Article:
What Florida Shows Us About the Real Estate Market
NEW YORK ( TheStreet) -- Sick of the cold? Maybe you should buy a place in Florida, where temperatures are warm and the housing market is heating up.
The cold snap gripping much of the country is surely prodding many to dream of owning a second home someplace warm, or of moving there for good. Data show that Florida's housing market might be in a sweet spot. Prices remain low, as Florida was among the states hit hardest by the collapse of the housing bubble, but prices are on the rise, so a purchase now would appear less risky than it would have a year ago.
But Florida also offers some object lessons. Its volatile housing market demonstrates the importance of thinking clearly about the pros and cons of buying a home when you don't have to. Placing the wrong bet can be very, very dangerous.
A large portion of Florida's housing market is driven by people who don't really need to buy, such as retirees who could stay where they are in other parts of the country and second-home buyers who could wait if conditions aren't right. That makes them more fickle than people who must move for a job or growing family. As a result, Florida home prices tend to swing to extremes.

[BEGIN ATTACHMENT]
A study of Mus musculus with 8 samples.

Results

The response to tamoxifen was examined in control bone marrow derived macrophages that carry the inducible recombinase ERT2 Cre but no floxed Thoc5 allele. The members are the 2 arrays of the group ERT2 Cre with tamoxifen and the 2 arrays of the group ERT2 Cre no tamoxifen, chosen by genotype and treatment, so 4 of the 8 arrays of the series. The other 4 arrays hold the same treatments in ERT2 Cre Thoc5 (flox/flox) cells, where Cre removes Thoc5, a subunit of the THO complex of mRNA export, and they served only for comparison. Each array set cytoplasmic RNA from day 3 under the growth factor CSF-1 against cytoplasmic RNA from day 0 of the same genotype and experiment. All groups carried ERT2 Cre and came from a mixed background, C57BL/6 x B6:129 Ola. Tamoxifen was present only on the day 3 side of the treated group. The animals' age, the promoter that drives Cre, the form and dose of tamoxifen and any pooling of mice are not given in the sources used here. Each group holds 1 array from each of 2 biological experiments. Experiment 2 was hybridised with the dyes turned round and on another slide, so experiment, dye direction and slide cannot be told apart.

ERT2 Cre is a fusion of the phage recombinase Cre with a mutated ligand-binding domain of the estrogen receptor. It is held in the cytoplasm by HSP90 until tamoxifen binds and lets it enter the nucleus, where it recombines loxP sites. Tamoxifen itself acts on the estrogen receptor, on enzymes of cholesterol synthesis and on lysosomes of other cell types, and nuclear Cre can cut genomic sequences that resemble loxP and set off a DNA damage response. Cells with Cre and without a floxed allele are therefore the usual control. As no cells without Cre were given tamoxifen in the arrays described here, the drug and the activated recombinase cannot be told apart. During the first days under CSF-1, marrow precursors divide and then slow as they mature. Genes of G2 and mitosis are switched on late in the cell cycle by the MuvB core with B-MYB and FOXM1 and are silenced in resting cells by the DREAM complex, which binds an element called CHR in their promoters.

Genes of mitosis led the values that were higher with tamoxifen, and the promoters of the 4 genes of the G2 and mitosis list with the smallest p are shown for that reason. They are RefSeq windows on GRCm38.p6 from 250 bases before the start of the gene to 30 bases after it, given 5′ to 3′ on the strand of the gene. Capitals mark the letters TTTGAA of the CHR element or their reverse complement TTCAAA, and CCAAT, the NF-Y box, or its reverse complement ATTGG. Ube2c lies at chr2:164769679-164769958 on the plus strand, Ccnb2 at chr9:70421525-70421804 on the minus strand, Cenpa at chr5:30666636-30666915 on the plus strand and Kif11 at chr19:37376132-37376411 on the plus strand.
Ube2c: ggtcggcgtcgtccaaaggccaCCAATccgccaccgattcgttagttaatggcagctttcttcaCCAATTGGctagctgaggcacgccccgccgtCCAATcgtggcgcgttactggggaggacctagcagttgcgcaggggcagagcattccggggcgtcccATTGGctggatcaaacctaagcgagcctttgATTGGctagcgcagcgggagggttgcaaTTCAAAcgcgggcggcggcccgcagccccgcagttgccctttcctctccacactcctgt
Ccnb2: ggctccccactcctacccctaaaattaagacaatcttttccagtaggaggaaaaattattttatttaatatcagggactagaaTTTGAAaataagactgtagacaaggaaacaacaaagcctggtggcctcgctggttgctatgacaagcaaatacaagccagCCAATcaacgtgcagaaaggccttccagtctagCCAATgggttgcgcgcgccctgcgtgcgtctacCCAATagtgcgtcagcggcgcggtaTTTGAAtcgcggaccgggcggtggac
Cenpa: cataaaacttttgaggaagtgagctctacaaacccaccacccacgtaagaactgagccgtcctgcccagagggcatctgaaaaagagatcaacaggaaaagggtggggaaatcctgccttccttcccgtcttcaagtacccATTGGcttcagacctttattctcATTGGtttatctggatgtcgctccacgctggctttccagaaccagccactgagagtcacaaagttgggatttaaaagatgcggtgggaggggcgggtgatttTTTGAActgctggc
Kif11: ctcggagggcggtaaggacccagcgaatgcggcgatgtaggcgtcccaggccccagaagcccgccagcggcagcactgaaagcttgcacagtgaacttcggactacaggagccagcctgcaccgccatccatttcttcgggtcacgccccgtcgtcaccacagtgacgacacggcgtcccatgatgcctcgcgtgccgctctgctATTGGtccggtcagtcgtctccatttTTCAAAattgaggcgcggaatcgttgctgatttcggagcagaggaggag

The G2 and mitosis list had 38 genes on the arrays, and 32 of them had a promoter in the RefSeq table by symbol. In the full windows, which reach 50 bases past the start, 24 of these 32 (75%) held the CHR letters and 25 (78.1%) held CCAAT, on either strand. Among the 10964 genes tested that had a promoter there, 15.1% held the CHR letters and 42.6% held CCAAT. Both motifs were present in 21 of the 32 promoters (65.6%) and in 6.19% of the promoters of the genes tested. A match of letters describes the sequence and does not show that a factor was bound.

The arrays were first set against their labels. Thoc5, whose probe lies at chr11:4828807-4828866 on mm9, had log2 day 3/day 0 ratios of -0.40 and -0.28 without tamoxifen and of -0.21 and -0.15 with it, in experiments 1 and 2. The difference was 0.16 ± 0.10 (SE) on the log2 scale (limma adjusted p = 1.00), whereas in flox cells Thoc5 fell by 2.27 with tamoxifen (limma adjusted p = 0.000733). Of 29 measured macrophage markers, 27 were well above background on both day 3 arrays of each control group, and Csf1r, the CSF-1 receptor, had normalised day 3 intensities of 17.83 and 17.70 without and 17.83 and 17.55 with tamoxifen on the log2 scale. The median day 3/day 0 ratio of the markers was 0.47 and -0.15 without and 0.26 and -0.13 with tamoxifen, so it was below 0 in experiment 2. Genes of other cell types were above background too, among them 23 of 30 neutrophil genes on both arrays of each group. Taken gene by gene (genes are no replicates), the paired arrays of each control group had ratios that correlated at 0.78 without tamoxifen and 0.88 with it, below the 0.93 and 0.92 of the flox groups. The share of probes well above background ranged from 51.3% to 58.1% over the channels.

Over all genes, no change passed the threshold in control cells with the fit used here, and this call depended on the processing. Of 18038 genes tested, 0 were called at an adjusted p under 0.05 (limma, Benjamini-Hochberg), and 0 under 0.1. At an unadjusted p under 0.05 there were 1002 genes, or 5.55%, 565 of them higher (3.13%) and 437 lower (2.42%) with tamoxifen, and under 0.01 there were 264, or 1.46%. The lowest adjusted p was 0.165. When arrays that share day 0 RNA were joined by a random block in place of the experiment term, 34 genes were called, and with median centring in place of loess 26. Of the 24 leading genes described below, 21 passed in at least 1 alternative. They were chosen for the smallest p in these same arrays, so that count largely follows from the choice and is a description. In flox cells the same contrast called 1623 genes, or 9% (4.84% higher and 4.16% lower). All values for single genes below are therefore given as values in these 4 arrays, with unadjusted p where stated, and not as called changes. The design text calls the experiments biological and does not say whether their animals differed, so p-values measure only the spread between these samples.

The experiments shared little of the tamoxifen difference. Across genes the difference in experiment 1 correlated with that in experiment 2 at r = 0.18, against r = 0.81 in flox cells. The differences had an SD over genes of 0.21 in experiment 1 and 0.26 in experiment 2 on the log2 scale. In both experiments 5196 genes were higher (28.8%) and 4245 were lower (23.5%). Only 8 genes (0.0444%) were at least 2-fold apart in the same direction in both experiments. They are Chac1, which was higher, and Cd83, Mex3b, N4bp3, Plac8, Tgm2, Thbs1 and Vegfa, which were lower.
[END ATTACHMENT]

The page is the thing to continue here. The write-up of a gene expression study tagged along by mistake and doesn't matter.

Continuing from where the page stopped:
Now things are getting better. The number of housing sales that closed in December was nearly 16% higher than a year earlier, according to Florida Realtors , a trade group. And the number of pending sales, or those with signed contracts that have not yet closed, was up nearly 40%. The median sales price remained affordable, at $154,000, up about 14% from a year earlier. Nationally, the median sales price was $180,600 in November, a 10% increase from a year earlier.
Median sales prices need to be taken with a grain of salt. They don't necessarily mean the average house value has grown 14% in Florida, because sometimes it's the pricier homes that move more briskly, other times it's the cheaper ones. A year ago, sales included more foreclosed homes going for fire-sale prices.
Because of the market's volatility, anyone considering buying a retirement or second home in Florida should pay special attention to some key questions.
First, how easily can the balance of supply and demand change? On many of the barrier islands off the East Coast, for instance, there's not much room for further development, so it's unlikely a flood of new homes will depress prices in these areas. But in many areas just a few miles away on the mainland there's plenty of undeveloped land. As prices rise, developers tend to break ground on single-family homes and condos, and that new supply slows the price gains or reverses them.